Health

Mosh, the Aussie Men's Health Startup Backed by Tinder Founders

Mosh is an Australia-based end-to-end digital healthcare hub for men that aims to make it easier to seek help for 'embarrassing' problems around mental and sexual health.

19.11.2019 | by Kezia Parkins
Photo by Matheus Ferrero on Unsplash
Photo by Matheus Ferrero on Unsplash

Aiming to empower millennial men to take control of their health, Aussie startup Mosh is tackling men’s health taboos with telemedicine to match them to affordable medical advice and products for the things they find it hard to talk about.

Founded by best mates David Narunsky and Gabe Baker in 2015, Mosh was born after the pair realised there was a significant gap in the Australian market for a men’s health-tech platform.

Their unique end-to-end approach to improving men’s health reflects their understanding of the significant challenges men face when it comes to being vulnerable and seeking help for health problems.

This is what caught the attention of Tinder founders Sean Rad and Justin Mateen, who recently backed Mosh with a commitment to the ongoing funding requirements of the business as it expands its offering.

Their support has now evolved, with a second investment from Rad and Mateen’s network and Parc Capital contributing an additional $1million.

Seeing Mosh as a potential leader in the tech-focused healthcare market, Rad said: “We are thrilled to be working with Mosh to help make Australia’s healthcare environment more accessible.”

“The health experience is crying out for a change, and we believe in Mosh leadership team to deliver a simple and high-quality experience people are looking for.”

In a recent conversation with SmartCompany, Baker said the founders of the global dating app “saw a lot of synergies between the company they built in Tinder and the company we’re trying to build here.”

Both are targeting millennials, and trying to inspire them to take action, he explained.

He also said that Rad and Mateen have been instrumental to the early growth of Mosh and have also become their business mentors of sorts — offering advice and helping guide the business strategy.

Mosh employees Darren Kitay and Eamon Hayward (left), Gabe Baker (co-founder of MOSH), David Narunsky (co-founder of MOSH)

 

Mosh uses the phrase “Don’t like your hand? Reshuffle the deck” — a clear indicator of the gendered consideration that has gone into the startups’ branding.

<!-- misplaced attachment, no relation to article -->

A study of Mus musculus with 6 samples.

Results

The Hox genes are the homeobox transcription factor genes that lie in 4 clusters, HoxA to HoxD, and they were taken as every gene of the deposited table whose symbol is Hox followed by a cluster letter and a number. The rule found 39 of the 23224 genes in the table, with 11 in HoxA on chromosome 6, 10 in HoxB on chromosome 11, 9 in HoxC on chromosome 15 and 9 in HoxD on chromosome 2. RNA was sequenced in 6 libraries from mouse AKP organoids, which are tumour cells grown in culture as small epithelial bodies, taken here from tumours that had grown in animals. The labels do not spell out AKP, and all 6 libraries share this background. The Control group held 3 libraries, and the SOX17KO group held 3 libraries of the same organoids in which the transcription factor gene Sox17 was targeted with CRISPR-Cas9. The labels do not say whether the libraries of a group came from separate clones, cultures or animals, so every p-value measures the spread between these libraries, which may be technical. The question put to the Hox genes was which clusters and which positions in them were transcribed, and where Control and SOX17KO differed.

The Sydney-based startup aims to emancipate Aussie men from their usual resistance to visit a doctor and empower them to take command of any ‘embarrassing’ health concerns by putting the power of telemedicine in their pockets.

Users simply complete an interactive questionnaire on the Mosh app to assess their needs which will also weed out people with medical conditions that are not appropriate for telehealth.

The patient is then connected with a doctor via a video consultation and a treatment plan is developed.

Medications for male-patterned baldness, performance anxiety, premature ejaculation, and erectile dysfunction can be ordered online at NYGoodHealth and delivered to the customer’s door.

To make this possible the startup has partnered with Australian doctors, nurses and pharmacists.

“Check yourself before you wreck yourself.”

Paying homage to Ice Cube, Mosh uses the line “check yourself before you wreck yourself” for the introduction of their mental health services.

A line that Cube may not have intended to relate to mental health, but one that many millennial men could relate to down to its prominence in the cultural zeitgeist.

Men are at least three times more likely to die by suicide than women in Australia, and the same is true for the UK and the USA.

“Although one in seven Aussie men experience depression or anxiety or both in a year, only 27.5% of them access services for mental health problems if they’re feeling off,” says Mosh.

“It’s time to take ownership of our brains. We talk about sore muscles, so why not the most important one of all?”

Psychologists can be accessed from the comfort of one’s own home, car or man cave via online video calls taking the awkwardness of going to see a therapist out of the equation.

By remarking: “we’ve [Australian men] got no problem putting work into our physical state, but we often neglect ourselves mentally. Talking to a psychologist online is like a gym session for your mind” — Mosh is demonstrating a refreshing and perhaps necessary way to approach the delicate topic of men’s mental health.